By Dick Flavin
Boston Red Sox Poet Laureate and
New York Times Best Selling Author
WHO IS (OR WAS) JERRY COLONNA?
Are you old enough to remember Jerry Colonna? I’ll give you a hint; he was not a utility infielder for the Red Sox. Unless you’ve been kicking around this planet for about seventy years you probably have no idea who he is – or was.
Jerry Colonna is the reason that I fell in love with Casey at the Bat.
In 1946 Walt Disney produced a cartoon version of the great comic verse by Ernest Lawrence Thayer, and it was narrated by Colonna. I was already familiar with the poem by that time and thought it was pretty cool, but it was words on a page. Jerry Colonna’s narration – performance, really – made those words come alive. I still vividly remember being transfixed by them as I sat watching in a movie theater (at what I assume was a Saturday matinee showing of a Gene Autry or Roy Rogers film). That is what inspired me to begin reading Casey aloud and eventually to memorize it so that I could recite it myself.
Jerry Colonna was, back then, pretty famous in his own right. He was a regular on the old Bob Hope radio, and then television, shows of the forties and fifties. He had a great walrus mustache and big, bulging eyes. He also had a high-pitched tenor voice that he used to great comic effect. He was the perfect foil for Hope’s fast talking, wise guy persona. Colonna was a great favorite on Hope’s legendary shows in the battle zones of World War II and then Korea.
I happened to be thinking about Colonna recently and decided to get on the internet to look him up, and there, to my delight, right on YouTube, is the original Disney cartoon that so inspired me all those years ago. Parts of it are the same as I remember, and parts are different. First, it is introduced by a song, “Casey the Pride of Them All,” sung, of course, by Colonna. Capital Records released it as a single later that year. I had forgotten about it, but it came back to me on hearing it. There were some extra verses, designed, I suppose, to pad out the story. What the extra verses did not do was improve on the tale of the star-crossed slugger, which was well nigh perfect the way Thayer had composed it in 1888. There is music added in, of course, and it goes without saying that the animation meets the usual Disney standard of being terrific. Then there is the narration of Colonna. It is, just as I remembered it from my childhood, wonderful. Once the window dressing is out of the way, the second half of the cartoon adheres closely to the original text, spoken with just a hint of an Irish brogue, and it captures the magic of Casey at the Bat.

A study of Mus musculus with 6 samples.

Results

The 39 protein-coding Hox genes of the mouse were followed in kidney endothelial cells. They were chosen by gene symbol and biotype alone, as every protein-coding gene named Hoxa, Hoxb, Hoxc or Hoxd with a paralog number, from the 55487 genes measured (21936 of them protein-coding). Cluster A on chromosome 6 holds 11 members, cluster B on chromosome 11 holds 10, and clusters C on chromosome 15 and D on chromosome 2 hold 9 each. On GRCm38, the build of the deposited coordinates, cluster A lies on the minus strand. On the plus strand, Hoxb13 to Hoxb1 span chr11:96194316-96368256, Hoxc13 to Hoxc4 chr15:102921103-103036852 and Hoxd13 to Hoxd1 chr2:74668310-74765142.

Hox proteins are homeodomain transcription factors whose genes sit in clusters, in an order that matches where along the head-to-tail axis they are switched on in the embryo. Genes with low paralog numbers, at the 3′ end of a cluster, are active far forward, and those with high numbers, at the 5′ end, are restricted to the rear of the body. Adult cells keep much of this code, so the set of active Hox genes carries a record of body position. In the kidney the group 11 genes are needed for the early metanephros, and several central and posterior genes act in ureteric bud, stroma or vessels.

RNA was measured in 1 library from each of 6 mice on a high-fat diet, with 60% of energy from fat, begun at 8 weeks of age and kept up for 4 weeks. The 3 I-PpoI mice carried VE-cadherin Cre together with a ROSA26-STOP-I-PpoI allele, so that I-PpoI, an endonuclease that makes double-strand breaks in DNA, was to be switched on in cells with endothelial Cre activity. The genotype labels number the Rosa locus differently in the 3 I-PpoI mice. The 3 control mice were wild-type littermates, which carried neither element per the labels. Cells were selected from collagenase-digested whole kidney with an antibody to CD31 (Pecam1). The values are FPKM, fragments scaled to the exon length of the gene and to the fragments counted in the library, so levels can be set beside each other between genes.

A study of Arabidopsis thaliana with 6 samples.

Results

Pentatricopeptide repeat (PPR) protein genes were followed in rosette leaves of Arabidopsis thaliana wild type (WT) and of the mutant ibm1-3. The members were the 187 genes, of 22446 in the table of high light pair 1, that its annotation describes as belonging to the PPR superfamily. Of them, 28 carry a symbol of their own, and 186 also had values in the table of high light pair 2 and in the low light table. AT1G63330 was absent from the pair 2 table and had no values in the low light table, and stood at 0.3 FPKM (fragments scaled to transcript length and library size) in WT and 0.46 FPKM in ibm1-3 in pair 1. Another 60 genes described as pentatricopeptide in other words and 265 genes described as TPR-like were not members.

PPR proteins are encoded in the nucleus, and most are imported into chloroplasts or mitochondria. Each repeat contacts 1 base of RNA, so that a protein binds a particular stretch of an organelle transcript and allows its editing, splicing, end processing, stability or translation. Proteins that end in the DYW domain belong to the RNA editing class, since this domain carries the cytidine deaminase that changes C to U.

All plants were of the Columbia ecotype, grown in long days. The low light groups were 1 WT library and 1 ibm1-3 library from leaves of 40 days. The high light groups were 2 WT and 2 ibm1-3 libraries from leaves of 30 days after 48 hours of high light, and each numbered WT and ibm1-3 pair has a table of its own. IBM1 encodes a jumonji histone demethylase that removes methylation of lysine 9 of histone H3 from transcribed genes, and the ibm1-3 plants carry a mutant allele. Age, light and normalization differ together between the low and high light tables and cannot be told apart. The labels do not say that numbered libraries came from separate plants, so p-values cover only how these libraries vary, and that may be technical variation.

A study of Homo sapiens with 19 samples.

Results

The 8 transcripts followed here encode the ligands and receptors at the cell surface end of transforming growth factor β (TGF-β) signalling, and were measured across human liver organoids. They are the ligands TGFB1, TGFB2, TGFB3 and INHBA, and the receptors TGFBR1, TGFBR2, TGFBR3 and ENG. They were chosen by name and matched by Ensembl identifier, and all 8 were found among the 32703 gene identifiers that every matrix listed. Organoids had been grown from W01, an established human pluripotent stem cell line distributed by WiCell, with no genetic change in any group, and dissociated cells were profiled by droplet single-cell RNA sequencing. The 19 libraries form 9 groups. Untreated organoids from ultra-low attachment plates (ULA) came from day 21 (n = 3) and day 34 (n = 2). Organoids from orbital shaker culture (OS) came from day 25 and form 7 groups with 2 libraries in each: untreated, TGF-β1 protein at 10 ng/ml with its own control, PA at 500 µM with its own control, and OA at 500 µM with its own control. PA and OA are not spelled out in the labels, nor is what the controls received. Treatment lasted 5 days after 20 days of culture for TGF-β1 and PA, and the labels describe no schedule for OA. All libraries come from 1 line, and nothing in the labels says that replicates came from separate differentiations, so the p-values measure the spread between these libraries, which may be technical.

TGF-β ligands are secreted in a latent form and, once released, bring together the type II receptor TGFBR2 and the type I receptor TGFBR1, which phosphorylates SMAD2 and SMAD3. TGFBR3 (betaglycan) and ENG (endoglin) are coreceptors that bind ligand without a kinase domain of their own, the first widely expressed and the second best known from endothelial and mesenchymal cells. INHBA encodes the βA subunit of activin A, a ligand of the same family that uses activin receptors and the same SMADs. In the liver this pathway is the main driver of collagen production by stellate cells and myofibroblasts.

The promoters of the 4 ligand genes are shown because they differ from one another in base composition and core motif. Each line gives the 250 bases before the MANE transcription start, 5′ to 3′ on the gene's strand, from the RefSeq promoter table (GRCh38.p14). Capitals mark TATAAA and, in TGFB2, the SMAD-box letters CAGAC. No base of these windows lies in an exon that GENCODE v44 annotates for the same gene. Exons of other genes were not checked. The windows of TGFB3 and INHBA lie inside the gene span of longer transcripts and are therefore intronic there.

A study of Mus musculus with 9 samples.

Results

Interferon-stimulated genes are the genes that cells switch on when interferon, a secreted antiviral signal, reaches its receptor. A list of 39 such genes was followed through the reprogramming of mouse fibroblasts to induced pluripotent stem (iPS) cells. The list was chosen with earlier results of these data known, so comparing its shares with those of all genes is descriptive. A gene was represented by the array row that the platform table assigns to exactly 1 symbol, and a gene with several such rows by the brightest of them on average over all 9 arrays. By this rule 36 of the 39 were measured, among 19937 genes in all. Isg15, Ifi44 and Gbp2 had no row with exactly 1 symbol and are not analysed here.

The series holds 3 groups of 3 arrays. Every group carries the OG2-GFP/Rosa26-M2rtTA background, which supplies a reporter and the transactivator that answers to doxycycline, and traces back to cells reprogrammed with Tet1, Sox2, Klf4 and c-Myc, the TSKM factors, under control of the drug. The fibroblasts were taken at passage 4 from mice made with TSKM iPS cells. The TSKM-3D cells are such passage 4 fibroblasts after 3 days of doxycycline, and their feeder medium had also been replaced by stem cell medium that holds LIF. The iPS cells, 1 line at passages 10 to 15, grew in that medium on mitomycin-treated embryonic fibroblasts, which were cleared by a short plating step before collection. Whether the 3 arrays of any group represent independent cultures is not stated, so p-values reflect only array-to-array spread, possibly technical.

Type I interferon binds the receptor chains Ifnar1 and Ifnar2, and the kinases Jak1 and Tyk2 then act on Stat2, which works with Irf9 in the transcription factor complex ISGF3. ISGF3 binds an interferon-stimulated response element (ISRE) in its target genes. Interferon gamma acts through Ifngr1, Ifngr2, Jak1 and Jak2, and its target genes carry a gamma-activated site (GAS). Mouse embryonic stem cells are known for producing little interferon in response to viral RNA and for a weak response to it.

If you like baseball and you want to give yourself a present, look it up on YouTube. You won’t be sorry. I wasn’t. In fact, I spent the better part of an afternoon watching clips of Colonna on the internet.
Colonna’s narration confirms that Casey is a poem better said than read. Listening to the words, their tempo and their pacing, puts a person right into the Mudville stands that day almost and hundred twenty years ago. There are other poems that have that special quality; the works of Rudyard Kipling and Robert Service come to mind. The next time you come across a copy of Gunga Din or The Cremation of Sam McGee, read it aloud to yourself or to anyone who happens to be present. You’ll be surprised at how much fun you’ll have as the words leap off the page.
There is no evidence that Jerry Colonna ever did anything more with Casey at the Bat than provide the voice over for the Disney cartoon, but I wish he had. I wish he had performed it over and over again for the soldiers and sailors on the Bob Hope tours back in the day. How they’d have loved it. I know how I loved hearing him do it again on YouTube.
Jerry Colonna was a Boston guy, you know. Born and bred in Bean Town, he got his start playing the trombone in local dance bands, then moved on to New York and eventually to California. He had a gift for comedy and Bob Hope made him a part of his permanent entourage in 1938. He stayed with Hope for years until suffering a stroke in 1966. He died in the Motion Picture and Television Hospital in 1986. He went to his grave never knowing how he’d inspired a little boy listening to his voice in a movie theater in 1946 or that the same little boy would be telling people about him more than seventy years later.